A Beginner's Guide to KEIRIN

A Beginner's Guide to KEIRIN: How to Watch Races

Flow of a Race

Understanding the different phases of a KEIRIN race provides deeper enjoyment of this three-and-a-half minute battle royale.

KEIRIN events include several races on each day.
Understanding the different phases of a KEIRIN race will let you effectively allocate your time and bet wisely.


image The warmup is an important information gathering opportunity for bettors. Before the start of the race proper, the competitors enter the track and warm up by riding around the banks.
This is a time for cyclists to show off their abilities and decide who will be in each line, so should not be dismissed as a mere preamble. Use the warmup to carefully examine the makeup of each line.


image Once betting has closed, the rear wheels of the bicycles are attached to the starting blocks, then all the competitors start simultaneously at the sound of a starter pistol. At first the cyclists ride behind a pacer in the front.
(Cyclists try to gain the position that best suits them by comparing their own performance characteristics to those of the other competitors, and considering factors such as wind direction, wind speed and bank radius. Seeing whether each cyclist can gain their desired position is the highlight of a race opening.)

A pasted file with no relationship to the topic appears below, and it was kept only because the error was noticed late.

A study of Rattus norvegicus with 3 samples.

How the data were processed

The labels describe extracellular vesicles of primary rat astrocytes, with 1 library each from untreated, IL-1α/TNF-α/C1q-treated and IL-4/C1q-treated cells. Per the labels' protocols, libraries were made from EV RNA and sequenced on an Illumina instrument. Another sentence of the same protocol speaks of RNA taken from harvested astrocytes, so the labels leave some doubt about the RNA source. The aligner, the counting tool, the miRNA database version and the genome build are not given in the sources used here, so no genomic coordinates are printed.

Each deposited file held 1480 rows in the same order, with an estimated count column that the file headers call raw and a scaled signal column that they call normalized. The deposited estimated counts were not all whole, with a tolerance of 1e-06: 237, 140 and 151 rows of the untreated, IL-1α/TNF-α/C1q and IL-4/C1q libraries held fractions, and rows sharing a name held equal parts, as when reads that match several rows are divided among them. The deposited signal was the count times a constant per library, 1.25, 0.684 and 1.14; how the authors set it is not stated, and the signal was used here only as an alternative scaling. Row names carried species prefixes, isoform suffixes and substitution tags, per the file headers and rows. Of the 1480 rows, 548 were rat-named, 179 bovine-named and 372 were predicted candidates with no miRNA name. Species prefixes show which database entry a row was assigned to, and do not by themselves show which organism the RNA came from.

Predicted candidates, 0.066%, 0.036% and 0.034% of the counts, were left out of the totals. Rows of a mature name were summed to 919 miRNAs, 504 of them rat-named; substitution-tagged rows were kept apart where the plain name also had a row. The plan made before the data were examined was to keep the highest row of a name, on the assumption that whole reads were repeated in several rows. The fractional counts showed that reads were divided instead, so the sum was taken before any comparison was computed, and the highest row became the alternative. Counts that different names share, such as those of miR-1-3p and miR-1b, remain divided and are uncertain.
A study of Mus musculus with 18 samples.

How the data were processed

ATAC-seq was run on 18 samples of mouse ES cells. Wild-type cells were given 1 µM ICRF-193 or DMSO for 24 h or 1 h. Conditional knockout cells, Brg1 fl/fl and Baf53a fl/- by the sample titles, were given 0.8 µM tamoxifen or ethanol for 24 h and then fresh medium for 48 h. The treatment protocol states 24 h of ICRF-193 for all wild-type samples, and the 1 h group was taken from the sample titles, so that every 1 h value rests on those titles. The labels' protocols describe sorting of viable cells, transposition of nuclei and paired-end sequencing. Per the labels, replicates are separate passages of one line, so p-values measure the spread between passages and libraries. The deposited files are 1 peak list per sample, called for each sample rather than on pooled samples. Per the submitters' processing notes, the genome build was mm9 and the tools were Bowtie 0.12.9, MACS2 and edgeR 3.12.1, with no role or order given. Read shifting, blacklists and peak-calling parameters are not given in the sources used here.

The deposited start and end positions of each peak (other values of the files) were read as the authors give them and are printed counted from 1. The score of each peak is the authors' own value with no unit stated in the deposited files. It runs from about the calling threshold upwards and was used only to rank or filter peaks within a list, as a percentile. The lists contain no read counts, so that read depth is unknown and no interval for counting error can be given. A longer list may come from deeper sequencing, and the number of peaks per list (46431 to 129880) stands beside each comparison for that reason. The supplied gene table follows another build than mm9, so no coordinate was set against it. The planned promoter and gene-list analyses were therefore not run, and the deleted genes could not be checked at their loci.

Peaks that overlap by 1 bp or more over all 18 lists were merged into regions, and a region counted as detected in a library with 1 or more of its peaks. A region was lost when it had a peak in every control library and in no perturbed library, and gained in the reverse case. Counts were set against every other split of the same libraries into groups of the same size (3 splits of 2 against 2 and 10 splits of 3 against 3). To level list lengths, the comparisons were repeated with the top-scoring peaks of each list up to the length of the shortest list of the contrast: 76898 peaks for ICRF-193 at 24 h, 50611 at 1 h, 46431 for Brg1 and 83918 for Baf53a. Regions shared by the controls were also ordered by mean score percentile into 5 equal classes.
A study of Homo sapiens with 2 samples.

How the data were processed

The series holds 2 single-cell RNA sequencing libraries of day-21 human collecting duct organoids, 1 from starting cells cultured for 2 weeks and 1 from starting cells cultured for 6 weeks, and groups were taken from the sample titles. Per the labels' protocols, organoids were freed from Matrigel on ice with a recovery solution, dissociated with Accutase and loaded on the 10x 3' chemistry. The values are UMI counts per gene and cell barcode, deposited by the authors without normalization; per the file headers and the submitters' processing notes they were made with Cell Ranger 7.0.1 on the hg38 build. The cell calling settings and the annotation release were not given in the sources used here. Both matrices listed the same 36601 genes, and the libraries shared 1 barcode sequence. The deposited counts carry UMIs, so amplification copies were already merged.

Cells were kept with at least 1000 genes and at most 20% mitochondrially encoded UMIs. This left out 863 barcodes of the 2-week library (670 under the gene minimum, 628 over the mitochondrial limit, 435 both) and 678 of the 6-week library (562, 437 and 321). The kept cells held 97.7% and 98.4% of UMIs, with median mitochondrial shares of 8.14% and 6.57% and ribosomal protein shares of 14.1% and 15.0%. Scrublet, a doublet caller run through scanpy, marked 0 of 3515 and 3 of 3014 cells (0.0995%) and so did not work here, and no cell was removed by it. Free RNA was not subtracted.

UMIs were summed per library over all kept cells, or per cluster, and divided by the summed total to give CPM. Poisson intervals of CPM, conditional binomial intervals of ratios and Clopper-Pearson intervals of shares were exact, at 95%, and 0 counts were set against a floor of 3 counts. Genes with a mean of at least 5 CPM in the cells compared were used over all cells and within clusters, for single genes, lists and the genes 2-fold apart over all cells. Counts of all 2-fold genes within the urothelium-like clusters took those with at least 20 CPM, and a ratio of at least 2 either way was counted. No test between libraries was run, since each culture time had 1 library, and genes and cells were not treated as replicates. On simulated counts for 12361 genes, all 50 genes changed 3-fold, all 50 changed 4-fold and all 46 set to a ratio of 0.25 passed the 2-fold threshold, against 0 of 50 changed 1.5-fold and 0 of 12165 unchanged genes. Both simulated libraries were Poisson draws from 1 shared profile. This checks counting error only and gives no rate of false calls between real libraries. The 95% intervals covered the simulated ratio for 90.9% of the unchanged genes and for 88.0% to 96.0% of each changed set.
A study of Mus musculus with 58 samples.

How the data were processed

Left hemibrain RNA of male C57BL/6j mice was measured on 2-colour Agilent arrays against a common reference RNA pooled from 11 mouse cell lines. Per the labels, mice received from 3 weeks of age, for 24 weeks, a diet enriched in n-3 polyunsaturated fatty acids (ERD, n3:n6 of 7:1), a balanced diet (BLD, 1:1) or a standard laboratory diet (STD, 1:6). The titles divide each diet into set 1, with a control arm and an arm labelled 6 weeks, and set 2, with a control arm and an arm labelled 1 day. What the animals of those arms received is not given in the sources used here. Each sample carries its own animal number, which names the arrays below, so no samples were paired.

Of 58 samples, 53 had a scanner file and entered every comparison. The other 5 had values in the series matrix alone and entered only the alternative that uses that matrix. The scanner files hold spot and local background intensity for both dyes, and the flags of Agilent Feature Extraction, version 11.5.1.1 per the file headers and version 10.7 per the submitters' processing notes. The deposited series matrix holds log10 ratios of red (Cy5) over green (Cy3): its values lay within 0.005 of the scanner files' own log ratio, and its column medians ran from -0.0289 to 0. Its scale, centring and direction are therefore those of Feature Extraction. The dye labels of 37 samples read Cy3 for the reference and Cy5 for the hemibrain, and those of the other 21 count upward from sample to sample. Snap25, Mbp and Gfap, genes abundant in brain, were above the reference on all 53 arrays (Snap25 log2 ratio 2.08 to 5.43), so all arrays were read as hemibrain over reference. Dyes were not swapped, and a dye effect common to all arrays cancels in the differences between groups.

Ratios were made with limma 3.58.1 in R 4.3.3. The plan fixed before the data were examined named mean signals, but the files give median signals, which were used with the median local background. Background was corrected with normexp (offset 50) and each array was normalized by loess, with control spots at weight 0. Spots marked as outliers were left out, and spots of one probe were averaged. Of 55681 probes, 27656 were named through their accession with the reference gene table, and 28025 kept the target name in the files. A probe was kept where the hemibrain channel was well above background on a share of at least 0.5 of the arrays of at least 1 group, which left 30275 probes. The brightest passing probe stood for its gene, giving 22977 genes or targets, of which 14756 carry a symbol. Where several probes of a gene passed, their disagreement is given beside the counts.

imageTo minimize the wind resistance on the competitors, a pacer rides in front as a windbreak up to a predetermined position on the track.
(The number of laps varies with each race.
The number of laps remaining in the race is indicated by the lap indicator next to the finish line. Blue means three laps remaining; red means two.)

4Bell or gong

imageA bell or gong sounds when the lead cyclist crosses the backstretch line one-and-a-half laps away from the finish line. At the sound, the race starts to reach its climax and the pace picks up.

5Finish line

imageOn the final straightaway, cyclists form a pack as they race toward the finish line at speeds approaching 70 kilometers an hour.